It's always sunny on the weather side

  • Published
  • By 2nd Lt. Mark Lazane
  • 1st Special Operations Wing Public Affairs
Editor's note: This article is the third in a series to help prepare Team Hurlburt for the operational readiness inspection in February 2010. The goal of the series is to educate and inform the base populace of the roles and responsibilities of some of the hard-working support elements that make up a base whether deployed or at home station. 

The 1st Special Operations Wing has many roles in the current global engagement environment. 

The overarching role, however, is to efficiently and safely use airpower to provide assets for a combatant commander. 

Flying is what the Air Force does best. 

Those flights wouldn't get off the ground though without the dedicated work of the Hurlburt Field weather personnel. 

Weather technicians keep watch over the meteorological activity of the battle space. They brief outgoing crews on weather patterns that may affect mission completion and they keep the crews informed of any changes that occur. In addition, weather technicians also update weather watches, warnings and advisories in an effort to keep the entire base safe. 

"Many people don't know the skills we have," said Staff Sgt. Tori Temple 1st Special Operations Support Squadron weather technician. "We have a lot of special skills within our own little community." 

Technical Sgt. Chris Patterson, NCO-in-charge of weather team-Alpha, agrees.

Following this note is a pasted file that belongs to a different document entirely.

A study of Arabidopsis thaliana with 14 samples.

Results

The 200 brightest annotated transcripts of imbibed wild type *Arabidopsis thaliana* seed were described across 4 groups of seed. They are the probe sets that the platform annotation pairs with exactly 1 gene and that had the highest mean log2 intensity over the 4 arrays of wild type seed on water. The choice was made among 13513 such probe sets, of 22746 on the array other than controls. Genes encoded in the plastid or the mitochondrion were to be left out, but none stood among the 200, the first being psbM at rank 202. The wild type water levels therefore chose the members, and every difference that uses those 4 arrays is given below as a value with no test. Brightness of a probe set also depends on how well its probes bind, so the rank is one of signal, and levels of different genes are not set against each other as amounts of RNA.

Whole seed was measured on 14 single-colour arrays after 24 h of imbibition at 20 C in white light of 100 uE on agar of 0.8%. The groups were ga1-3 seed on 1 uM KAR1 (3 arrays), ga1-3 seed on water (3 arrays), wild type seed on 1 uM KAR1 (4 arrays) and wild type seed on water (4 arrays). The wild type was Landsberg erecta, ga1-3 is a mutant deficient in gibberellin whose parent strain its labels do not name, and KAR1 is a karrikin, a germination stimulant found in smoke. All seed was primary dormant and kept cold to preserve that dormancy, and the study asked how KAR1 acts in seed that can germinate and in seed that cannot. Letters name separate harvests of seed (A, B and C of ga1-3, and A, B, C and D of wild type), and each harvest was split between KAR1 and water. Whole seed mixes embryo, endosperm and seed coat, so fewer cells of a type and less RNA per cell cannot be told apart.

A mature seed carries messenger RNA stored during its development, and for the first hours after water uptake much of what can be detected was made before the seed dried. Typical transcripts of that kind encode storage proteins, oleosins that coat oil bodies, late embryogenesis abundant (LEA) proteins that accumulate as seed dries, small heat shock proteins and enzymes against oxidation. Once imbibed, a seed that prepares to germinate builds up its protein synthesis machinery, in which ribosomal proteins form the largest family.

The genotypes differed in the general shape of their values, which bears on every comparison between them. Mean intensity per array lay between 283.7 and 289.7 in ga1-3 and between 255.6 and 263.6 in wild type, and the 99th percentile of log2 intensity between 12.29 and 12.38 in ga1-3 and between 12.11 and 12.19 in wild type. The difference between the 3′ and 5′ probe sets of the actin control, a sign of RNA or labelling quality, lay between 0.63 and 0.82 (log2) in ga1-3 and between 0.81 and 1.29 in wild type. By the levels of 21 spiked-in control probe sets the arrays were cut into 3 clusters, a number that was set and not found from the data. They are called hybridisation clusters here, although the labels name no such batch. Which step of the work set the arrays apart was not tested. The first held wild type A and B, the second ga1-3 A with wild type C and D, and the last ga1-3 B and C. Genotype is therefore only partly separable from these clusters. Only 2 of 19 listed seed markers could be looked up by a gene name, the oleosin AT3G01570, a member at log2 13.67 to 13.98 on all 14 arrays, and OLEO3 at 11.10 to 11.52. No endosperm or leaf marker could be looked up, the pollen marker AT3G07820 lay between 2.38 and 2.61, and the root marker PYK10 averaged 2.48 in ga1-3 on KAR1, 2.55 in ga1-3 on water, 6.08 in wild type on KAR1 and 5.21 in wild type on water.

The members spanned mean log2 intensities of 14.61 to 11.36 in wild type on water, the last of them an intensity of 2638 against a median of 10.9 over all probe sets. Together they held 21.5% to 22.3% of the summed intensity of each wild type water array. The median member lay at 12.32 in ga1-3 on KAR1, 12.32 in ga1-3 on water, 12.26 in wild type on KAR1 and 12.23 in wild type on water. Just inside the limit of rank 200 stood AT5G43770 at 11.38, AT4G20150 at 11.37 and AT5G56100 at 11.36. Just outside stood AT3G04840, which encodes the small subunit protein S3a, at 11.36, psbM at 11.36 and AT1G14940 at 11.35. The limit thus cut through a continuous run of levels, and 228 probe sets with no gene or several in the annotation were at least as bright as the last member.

"When we go somewhere, we're our own maintenance guy, our own communications guy. We do it all ourselves." 

Working in special operations further tests the skills of weather technicians, said Sergeant Temple. 

"All of the equipment we use here is unique to special operations," he said. "Usually, a weather guy has one piece of equipment that they're able to operate from. We've got to know a whole lot more. We have to be able to be dropped in any where, any time, and have everything we need to begin operations immediately." 

In addition to the extra equipment, weather technicians often don't have a fellow technician with whom to work. 

"We're usually one-man deep, but to be honest, sometimes it's easier that way." Sergeant Temple said. "The more people you add, the harder it is to share the duties." 

Becoming a weather technician is no sunshine affair. Weather operators, part of the advanced deployment team, endure a nine-month forecasting school as part of their formal training. In addition, they must work a minimum of two years at an operational weather squadron in order to be properly certified to handle deployed weather duties. 

According to Sergeant Patterson, a weather technician will deploy every year to year-and-a-half, plus be on call to go anywhere there may be a mission. 

The weather technicians' skills were put to the test during the recent operational readiness exercise in October. Many of the flight crews faced inclement weather, including a tornado warning and several high-wind conditions. 

But, with expert guidance and warning from the weather technicians, the wing had a 100-percent aircraft generation rate throughout the exercise. 

"Being in this job, you really need to know weather on a global scale," Sgt. Temple said. "You just can't fly without weather [personnel]."